Lorier introduces their much anticipated GMT

Lorier has been on a roll. They’ve released updated versions of most of their lineup and have been able to keep buyers happy with frequent restocks. Lorier is now at a place where their fans are loyal and are looking for the next best thing from the beloved microbrand.

The call has been answered with a highly anticipated GMT, the Lorier Hyperion. GMTs often seem to be a steppingstone for microbrands once they have established themselves with dive, field, and sport watches. A GMT often gives a brand the ability to innovate on a platform of one of their successful watches, as Lorier has done with the Hyperion. Let’s take a look at the Hyperion and why it was so hyped.


When I received the Hyperion for review and sized the bracelet, it felt immediately familiar. The last watch I had from Lorier was the Neptune and it quickly became one of my favorite microbrand dive watches because of how comfortable it was. However, I found that the Hyperion was even more comfortable.  This surprised me. Generally, GMTs tend to be thicker than their 3-hand counterparts because of the slightly thicker movements. Lorier has found a way to make the Hyperion almost 2mm thinner than the Neptune.




Lorier Hyperion Video Review

Dial Details

Another part of Lorier’s design formula is integrating a vintage aesthetic into their watches while still creating something modern. This is evident with their dial design.  The dial is completely printed with Lorier’s branding at 12 and 6 o’clock. I’m not sure if it is the font they use or we’re just used to their design language, but this feels like a new-old-stock vintage watch. Part of what aids in the vintage styling is the acrylic crystal. This is a hallmark of Lorier’s watches and it adds a warmth to the dial that sapphire can’t achieve.





I mentioned in the beginning of the review that the Hyperion is thinner than the Neptune. Looking at the profile of the case, it is stunning to see just how the thin case is. The midcase looks as though it is the same height as the crown. Although the crown is larger, it isn’t huge, so in context this speaks to how thin the case is.






Baltic Aquascaphe GMT


I can’t finish this review without talking about the Baltic Aquascaphe GMT. The Aquascaphe GMT launched around the same time as the Hyperion and comparisons were quickly made on social media. Lorier and Baltic seem to share a similar space in terms of their popularity and watches they release. Both watches feature a vintage-inspired look and seem to be aiming for the same segment. When it comes to GMTs, they also share styling, specs and the same movement. The only differences between the Hyperion and Aquascaphe are the latter offers additional color options and a sapphire crystal, and costs about $320 more; in my view, though, the first two do not justify the third.

Final Thoughts

Travelling to places where I may find a use for a GMT may not be in my immediate future. However, there is something charming about GMT watches.  I’m not sure if it’s the 4th hand or their link to different places and people, but I always get excited when I review a GMT. The Hyperion is a solid follow-up to their catalog of dive watches and it’s easy to see why the brand’s watches are so popular. They’re well-built and have looks to match.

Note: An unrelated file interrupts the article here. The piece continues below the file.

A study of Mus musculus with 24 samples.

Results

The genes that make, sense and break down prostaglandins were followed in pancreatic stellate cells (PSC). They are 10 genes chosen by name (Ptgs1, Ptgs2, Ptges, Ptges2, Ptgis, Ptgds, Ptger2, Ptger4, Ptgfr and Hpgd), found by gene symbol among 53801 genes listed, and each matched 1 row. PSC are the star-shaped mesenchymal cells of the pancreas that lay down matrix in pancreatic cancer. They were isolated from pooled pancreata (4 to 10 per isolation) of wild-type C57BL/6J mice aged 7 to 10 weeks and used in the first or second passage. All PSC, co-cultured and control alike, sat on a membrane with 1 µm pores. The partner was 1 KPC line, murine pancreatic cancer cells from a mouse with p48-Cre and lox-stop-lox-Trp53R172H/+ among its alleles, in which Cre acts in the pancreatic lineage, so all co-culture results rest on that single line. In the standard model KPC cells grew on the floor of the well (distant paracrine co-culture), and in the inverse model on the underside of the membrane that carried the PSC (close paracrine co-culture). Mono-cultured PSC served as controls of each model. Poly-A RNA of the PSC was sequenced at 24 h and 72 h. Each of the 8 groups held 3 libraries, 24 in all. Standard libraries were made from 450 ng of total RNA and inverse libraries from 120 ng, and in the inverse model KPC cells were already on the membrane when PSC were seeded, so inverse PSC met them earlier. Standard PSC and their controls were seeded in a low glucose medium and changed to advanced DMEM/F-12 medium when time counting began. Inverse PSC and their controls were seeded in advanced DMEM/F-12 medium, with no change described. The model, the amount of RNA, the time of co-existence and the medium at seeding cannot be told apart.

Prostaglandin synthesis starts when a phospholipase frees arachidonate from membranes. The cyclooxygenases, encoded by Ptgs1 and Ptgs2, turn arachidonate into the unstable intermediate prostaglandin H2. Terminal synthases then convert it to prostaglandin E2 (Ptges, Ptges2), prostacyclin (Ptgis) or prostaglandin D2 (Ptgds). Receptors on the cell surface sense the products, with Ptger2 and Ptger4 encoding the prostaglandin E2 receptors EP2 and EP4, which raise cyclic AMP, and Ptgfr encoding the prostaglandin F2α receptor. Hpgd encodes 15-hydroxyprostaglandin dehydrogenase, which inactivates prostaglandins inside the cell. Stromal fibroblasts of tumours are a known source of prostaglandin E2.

When the Hyperion launched, there were quite a few voices claiming that all they did was add a GMT hand to the Neptune. It is a shortsighted approach to take. There are many brands (think Rolex) that do the same thing and get a pass for it. If we’re not going to give those brands grief for it, then we shouldn’t do it to Lorier. Not only that, but Lorier did more than just add a GMT hand to the Hyperion, much of which I have discussed in this review.

The Hyperion is the first GMT that has come across my desk that has truly made me think I need a GMT in my permanent collection. It is versatile and wearable enough for everyday use. Many GMTs launched in the past year or two are built like tanks and while there is nothing wrong with that, it reduces their versatility for everyday use.  Lorier has managed to buck that trend and created one of the most compelling buys in the GMT market. If you’ve been looking to fill that void in your collection, the Hyperion may be the watch to complete it.

Check out more Lorier reviews at The Watch Clicker

Check out the Lorier website

Lorier Hyperion Specs

Case Width

38mm

Thickness

10.7mm

Lug-to-Lug

47mm

Lug Width

20mm

Crystal

Acrylic

Strap

Bracelet

Water Resistance

100m

Lume

SuperLumiNova BGW9

Movement

Soprod C125

Price

$799

More Images of the Lorier Hyperion

  1. Really like this watch. Is it just me, or does it look like there is a lot of fuzz or dust on the edges on the hands? That’s okay if this is a preproduction model sent for reviews, but if this is a production model it’s a little disappointing. Also, what kind of accuracy are you getting with this watch? Have you put it on a timegrapher?

  2. you say this only tracks two time zones because it doesn’t have a 24 hour chapter ring. But it has a rotatable 24 hour bezel. you can track a third time zone with this watch.